Even as companies become increasingly digital and data driven, their most valuable asset remains their people. Smart CEOs recognize the inherent value of their employees – the minds and hearts that drive true transformation through innovation and creativity. But this can only happen when people believe they are valued, and trust that they are safe to make decisions and to fail.

In his TED Talk, Why Good Leaders Make You Feel Safe, Simon Sinek presents the “Circle of Safety.” It’s the idea that by working together, we create a safe environment in which we can get things done. In the Paleolithic era this meant sleeping in shifts so that someone could watch for danger while the others rested safely. In today’s workplace, it means putting the people and lives inside the organization first.

But this isn’t how businesses typically operate. Sinek says, “In business, we give bonuses to people who are willing to sacrifice others so that we may gain.” In this type of environment, people are often afraid of their leaders. They rigidly adhere to policies out of fear of getting in trouble. Executives make disproportionate salaries and bonuses because they allow people to be sacrificed to protect their own interests. In other words, every one is in it for themselves. Employees want to remain employed, at the expense of each other (and, sometimes, the customer), and leaders want to protect their fortunes.

Sinek puts it this way: “If the conditions are wrong, we are forced to expend our time and energy protecting ourselves from each other, and that inherently weakens the organization. When we feel safe we will naturally combine our talents and strengths, and work tirelessly to face the dangers outside and seize the opportunities.”

The key words here are “feel safe.” When they feel safe, people are capable of amazing things. When employees are not worried about their job security or wondering how to “one up” a coworker, they can create and innovate, and address the customer’s needs in the here and now. In other words, employees can think beyond themselves for the success of the organization as a whole.

CEOs can’t simply tell their employees they’re safe. They must convey a feeling of safety so that employees feel valued and protected. Fortunately, we live in a time when this is made all the easier through technology. We have more ways to communicate than ever before, and that is critical. Leaders must understand what it is that employees want and need to feel safe, and employees must know that leaders are listening to those desires and responding accordingly.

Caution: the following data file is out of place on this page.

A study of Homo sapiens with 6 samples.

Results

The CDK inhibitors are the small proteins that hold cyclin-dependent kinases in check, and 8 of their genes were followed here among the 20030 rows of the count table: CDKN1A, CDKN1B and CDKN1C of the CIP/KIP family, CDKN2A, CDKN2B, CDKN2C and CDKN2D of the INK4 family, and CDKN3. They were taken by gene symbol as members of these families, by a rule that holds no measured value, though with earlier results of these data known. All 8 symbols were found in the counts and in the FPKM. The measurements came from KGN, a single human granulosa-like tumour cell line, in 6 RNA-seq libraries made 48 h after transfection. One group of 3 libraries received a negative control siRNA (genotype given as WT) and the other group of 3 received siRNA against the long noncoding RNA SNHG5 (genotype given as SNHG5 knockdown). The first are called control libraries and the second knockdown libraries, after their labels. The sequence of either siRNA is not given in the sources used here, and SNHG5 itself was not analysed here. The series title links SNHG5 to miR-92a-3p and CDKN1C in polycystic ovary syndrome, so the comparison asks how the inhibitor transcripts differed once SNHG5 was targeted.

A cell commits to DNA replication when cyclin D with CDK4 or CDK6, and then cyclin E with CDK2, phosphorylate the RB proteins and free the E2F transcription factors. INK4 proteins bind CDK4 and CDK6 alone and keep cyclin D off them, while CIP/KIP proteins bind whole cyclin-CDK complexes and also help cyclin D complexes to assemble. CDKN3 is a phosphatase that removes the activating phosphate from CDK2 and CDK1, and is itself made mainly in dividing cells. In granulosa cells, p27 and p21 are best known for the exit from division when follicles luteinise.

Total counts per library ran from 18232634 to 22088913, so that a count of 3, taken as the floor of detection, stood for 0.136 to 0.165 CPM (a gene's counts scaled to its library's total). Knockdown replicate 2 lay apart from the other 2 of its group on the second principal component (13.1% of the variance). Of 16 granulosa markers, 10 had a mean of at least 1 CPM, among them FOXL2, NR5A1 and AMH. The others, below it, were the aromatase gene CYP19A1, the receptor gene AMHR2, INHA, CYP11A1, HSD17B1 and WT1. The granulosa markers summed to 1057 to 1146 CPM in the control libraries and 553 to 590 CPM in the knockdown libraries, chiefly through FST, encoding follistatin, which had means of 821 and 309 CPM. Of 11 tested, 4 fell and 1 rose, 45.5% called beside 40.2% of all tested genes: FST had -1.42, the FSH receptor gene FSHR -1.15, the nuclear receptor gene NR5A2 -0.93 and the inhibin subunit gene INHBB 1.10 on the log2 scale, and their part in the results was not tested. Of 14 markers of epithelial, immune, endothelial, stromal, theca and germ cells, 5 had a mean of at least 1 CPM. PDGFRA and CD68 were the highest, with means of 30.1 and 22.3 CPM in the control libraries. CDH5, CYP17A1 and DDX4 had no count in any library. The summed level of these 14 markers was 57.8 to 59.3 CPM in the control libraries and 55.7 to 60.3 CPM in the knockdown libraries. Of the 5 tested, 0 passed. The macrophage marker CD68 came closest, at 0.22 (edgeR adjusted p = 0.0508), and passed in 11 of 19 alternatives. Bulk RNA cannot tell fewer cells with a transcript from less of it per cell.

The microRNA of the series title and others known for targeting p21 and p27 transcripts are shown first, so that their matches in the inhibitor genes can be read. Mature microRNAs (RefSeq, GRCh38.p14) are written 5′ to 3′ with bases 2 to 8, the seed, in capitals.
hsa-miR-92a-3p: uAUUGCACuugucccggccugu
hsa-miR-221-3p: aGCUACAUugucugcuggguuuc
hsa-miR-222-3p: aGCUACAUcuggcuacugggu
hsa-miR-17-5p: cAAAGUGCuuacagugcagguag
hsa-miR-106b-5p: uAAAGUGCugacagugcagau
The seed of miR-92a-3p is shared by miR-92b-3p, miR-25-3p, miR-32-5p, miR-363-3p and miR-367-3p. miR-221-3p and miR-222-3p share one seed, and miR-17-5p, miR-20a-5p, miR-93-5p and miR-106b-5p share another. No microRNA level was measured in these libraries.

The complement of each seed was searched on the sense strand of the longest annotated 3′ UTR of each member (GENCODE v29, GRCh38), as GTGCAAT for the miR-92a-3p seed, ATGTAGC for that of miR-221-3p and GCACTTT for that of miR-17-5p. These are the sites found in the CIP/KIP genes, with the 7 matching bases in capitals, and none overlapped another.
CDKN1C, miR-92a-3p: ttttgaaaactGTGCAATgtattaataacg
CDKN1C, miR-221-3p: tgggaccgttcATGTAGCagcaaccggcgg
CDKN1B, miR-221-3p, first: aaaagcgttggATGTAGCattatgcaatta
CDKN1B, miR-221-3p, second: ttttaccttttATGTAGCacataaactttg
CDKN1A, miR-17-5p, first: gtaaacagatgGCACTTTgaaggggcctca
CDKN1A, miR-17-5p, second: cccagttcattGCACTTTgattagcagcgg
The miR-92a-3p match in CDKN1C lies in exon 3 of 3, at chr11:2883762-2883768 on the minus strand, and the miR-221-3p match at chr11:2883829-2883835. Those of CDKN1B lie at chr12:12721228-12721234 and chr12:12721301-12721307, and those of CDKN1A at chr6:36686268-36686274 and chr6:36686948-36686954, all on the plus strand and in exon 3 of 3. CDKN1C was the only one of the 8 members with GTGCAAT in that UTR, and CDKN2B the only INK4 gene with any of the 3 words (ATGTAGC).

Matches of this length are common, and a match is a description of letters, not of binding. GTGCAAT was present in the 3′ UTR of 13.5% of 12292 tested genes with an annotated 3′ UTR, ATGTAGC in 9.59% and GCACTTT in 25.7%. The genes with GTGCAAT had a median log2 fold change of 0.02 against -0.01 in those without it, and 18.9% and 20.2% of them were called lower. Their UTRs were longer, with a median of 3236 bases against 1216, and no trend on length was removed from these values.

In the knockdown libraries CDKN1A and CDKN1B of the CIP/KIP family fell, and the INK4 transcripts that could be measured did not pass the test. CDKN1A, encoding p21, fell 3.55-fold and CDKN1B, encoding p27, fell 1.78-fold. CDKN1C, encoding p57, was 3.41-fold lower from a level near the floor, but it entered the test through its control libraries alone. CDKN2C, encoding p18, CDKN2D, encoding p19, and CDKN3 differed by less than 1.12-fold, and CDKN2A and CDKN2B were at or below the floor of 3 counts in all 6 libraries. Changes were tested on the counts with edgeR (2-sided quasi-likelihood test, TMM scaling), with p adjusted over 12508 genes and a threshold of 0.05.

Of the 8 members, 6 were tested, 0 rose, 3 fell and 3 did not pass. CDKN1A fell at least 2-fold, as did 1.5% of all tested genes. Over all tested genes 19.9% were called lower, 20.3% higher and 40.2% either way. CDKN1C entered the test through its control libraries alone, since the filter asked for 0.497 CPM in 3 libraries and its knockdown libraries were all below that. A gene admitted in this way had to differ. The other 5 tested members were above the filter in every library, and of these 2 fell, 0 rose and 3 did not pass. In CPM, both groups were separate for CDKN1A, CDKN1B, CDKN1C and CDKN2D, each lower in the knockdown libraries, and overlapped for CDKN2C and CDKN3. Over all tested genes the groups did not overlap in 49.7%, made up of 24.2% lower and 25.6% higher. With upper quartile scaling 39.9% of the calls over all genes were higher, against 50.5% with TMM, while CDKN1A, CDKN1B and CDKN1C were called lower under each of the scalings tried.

This can be achieved any number of ways. For example, periodic employee surveys give people the opportunity to voice concerns. Regular communication from the executive team can provide visibility into the sacrifices being made in the upper echelon in the interest of the greater good. Leaders can make themselves accessible to all employees, welcoming them to share questions, concerns and success stories in a format they are most comfortable with.

Business needs to become personal. Going beyond survey data, CEOs need to make human connections within the organization, and video can help. The TED2014 conference in Vancouver is an excellent example. Speaker Shaka Senghor gave a riveting presentation about redemption, reinvention and hope. The honor roll student turned teen-age drug dealer turned respected writer, teacher and MIT Media Fellow brought the audience to its feet.

And, yet, he was 3,000 miles away from that audience. Canadian border security wouldn’t allow Senghor to travel to Vancouver, so TED organizers turned to Polycom to deliver the live presentation via video. As a result, the audience could see and hear Senghor as if he was in the same room. The body language and expressions he naturally used to convey emotion was perceived and felt by the Vancouver audience.

This is the connection CEOs and leaders need to make with their employees to create a feeling of trust and safety – and beyond that, to enable innovation and creativity.

Sinek sums it up nicely: “If you get the environment right, every single one of us has the capacity to do remarkable things.” As CEO, you have the ability to create the environment that allows your workforce to be remarkable. And it starts with personal connections.